Last but not least, the trials of this unpredictable travel landscape have taught travelers to expect the unexpected. But if you’re not ready to stay in limbo, consider this your one-stop shop for everything you need before you head out on your next flight.
You should prepare for cancellations and delays before you even arrive at the airport. In fact, you do it as soon as you book a flight. Phil Dengler, co-founder of travel blog The Vacationer, says start booking directly with the airline rather than a third party.
“If your flight is cancelled, you should speak to a customer service representative. Book direct with the airline so you have access in case something goes wrong,” says Dengler. And if possible, avoid flights with stopovers when booking flights. More stops only increase the likelihood of travel chaos, he says.
Use technology to your advantage
Dengler and Heather Poole, a flight attendant at American Airlines, both offered the same advice: Download the airline’s app and be ready to tweet if your flight is canceled. The airline apps can alert you to gate changes and cancellations before the information reaches the gate agent. And once a flight has been cancelled, direct messages to an airline’s Twitter account can be the quickest way to speak to someone as companies continue to struggle with hours of phone waits.
If your flight is cancelled, the airline’s app is probably the quickest way to see what other flights the airline is offering.
For a flight that arrives or departs from the United States, you are eligible for a refund if your flight is canceled or significantly delayed and you decide not to use another option in accordance with US Department of Transportation regulations. This also applies if you are involuntarily downgraded to a lower service than you paid for. There are no laws requiring US airlines to provide hotels, meal vouchers, or other services beyond airfare, but you should always ask your airline what they can do. These services usually need to be requested in person at the airport, not over the phone or online.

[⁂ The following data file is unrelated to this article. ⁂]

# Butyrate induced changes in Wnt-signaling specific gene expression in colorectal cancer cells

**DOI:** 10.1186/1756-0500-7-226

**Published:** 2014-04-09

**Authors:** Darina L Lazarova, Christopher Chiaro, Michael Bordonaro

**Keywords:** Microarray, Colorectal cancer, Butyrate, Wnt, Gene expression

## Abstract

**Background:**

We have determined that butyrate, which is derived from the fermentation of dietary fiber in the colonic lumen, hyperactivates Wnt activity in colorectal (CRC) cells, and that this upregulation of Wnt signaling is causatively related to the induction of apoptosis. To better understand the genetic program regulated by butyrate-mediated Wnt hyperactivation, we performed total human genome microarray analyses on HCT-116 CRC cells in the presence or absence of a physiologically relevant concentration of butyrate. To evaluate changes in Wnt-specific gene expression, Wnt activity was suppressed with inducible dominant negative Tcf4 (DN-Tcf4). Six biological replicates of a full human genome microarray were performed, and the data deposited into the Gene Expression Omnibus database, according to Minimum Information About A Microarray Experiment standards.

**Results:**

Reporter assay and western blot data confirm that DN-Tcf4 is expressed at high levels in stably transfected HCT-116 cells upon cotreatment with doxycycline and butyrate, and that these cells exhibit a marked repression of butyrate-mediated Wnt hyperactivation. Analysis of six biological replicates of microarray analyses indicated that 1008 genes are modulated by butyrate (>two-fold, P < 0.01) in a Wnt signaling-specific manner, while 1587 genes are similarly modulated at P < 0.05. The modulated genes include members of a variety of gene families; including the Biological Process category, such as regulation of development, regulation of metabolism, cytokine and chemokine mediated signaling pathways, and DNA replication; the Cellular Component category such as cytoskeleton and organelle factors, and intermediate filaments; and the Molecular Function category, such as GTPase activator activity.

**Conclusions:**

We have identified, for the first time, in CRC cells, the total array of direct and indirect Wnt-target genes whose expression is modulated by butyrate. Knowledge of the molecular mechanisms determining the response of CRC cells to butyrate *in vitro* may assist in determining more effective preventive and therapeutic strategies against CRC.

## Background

You are also entitled to compensation if you were denied boarding because your flight was overbooked and you did not voluntarily give up your seat. Airlines are allowed to overbook flights and there is no minimum they have to offer when asking travelers if someone is willing to take a later flight. Recently, passengers have reported that airlines have offered thousands of people to volunteer to kick themselves off flights.
Compensation rules vary around the world. For flights within Europe, the EU 261 regulation sets out compensation rules and assistance for passengers if their flight is canceled, delayed or if they are unable to board.
If your flight arrives or departs from an airport in the European Union, you are entitled to up to 600 euros for long delays or cancellations. And if your flight is delayed more than two hours, you’re entitled to meals.
There is a checklist of eligibility requirements for the cause of the delay that must be met in order to claim compensation – passengers must be checked in on time, the airline must be responsible for the delay, and the flight must have departed or landed in the EU to to name a few. Airlines are not required to provide compensation in “extraordinary circumstances” which include bad weather and safety risks, among others.
When you’re stuck at the airport, you probably want to be able to use all your devices. An external battery might set you back $30 or more, but it’s worth knowing you don’t have to fight for outlets or be tied to a wall if you need to rebook on your phone or use it for entertainment.
Finally, a book, magazine, or other non-electronic form of entertainment can help bridge the time when you can’t use your phone.
A canceled flight doesn’t make anyone happy. Fellow passengers are frustrated, and airlines currently have fewer staff to deal with heightened emotions. Poole said, citing her 25 years of experience: “Just a smile is enough. Like a request and a thank you… . Now more than ever you just want to do anything for the person who is nice.”
“It’s just so rare to have someone who’s calm and patient and kind,” she said. “If I could do anything for someone like that, I would do anything.”